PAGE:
One of the readers of this blog pointed out that the apples I was denouncing in my pervious post were actually Syrian apples, not Israeli. That's correct. I fell for the way the Ha'aretz article presented the story: according to the article, Israeli apples were being exported from the Golan to the Gulf via Syria, in coordination of various Israeli ministries and in the hope of achieving more "normalization" in the Middle East. That ticked me off!
The producers of these apples, the Arab residents of the Golan who are under Israeli occupation, do not recognize these apples as Israeli. And it is almost certain that they don't have the same "normalizing" agenda the Israelis have. In fact, these apples were produced despite the Israelis and as a form of resistance to attempts to normalize the Israeli occupation. Here's what the Ha'artez article left out:
"The cultivation of fruit trees remained, although it too was impacted by the occupation, since the Israeli authorities had transformed part of the land to minefields and military routes. Cultivating fruit trees became a good source of income, especially apple trees, and the inhabitants of the Golan have continued to do so, resisting Israeli products until this day. These thrived in the field due to the suitable climate and nearby natural water springs which the Israeli authorities had not been able to confiscate. Several artesian wells had been dug alongside these springs by the Israeli Authorities and the settlers, reducing its amplitude. The good working spirit of the farmers was also an important contributor to their success in this area, as they constantly sensed the danger of losing their lands.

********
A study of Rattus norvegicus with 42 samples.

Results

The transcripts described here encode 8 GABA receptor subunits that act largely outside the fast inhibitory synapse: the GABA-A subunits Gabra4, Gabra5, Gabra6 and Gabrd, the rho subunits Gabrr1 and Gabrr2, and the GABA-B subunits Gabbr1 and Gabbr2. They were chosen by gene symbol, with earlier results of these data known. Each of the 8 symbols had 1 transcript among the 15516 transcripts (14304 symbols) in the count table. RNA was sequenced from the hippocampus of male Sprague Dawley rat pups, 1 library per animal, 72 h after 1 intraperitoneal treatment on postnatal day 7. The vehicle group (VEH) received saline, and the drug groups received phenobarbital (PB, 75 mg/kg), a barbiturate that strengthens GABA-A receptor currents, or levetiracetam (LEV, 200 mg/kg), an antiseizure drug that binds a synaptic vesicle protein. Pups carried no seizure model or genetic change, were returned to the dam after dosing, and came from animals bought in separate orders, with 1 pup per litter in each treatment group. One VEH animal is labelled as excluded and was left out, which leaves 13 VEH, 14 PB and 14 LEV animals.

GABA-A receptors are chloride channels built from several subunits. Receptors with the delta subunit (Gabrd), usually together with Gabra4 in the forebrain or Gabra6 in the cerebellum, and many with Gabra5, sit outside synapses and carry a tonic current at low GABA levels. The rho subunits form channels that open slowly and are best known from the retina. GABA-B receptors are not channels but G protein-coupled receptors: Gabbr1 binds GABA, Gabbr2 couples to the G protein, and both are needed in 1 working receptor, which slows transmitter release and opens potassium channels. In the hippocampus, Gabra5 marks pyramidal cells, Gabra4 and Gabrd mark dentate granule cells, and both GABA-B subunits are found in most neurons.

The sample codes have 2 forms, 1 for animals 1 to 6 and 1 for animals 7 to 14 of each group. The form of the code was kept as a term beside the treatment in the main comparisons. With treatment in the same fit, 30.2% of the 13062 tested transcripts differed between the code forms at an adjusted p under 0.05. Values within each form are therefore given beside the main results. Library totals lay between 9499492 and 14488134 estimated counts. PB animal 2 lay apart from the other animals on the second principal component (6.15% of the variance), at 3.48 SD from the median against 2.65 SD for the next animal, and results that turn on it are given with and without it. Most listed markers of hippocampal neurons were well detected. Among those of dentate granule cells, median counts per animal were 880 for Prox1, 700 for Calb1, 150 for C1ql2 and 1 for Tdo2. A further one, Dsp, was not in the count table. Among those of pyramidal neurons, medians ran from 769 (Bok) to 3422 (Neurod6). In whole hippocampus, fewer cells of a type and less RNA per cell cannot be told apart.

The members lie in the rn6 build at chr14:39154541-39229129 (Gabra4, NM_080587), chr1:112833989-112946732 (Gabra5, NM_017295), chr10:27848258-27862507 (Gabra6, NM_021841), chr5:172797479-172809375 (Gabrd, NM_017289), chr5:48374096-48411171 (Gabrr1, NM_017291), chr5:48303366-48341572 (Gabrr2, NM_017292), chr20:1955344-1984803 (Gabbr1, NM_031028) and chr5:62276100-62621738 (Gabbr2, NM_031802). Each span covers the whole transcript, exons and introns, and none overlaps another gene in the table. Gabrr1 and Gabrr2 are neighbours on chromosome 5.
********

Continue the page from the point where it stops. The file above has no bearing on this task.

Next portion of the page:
The cultivation of apples is not only a key source of income, it increases the relationship between the farmer and the land and stands in the way of it being confiscated, since it is rooted with trees. In response to Israel's siege and land confiscation policies, the inhabitants transformed the largest part of their un-irrigated land to cultivated land and planted it with fruit trees by investing substantial amounts of money in it. This was not very profitable from a pure economic perspective, and it was rather costly for the residents. However, it was the only possible way to maintain the land. Unfortunately, the cultivation of fruit trees requires water for irrigation, and Israeli authorities tried to deprive the farmers of the necessary water by confiscating most of the surface and ground water resources."
Finally, you can order apples from Majdal Shams here.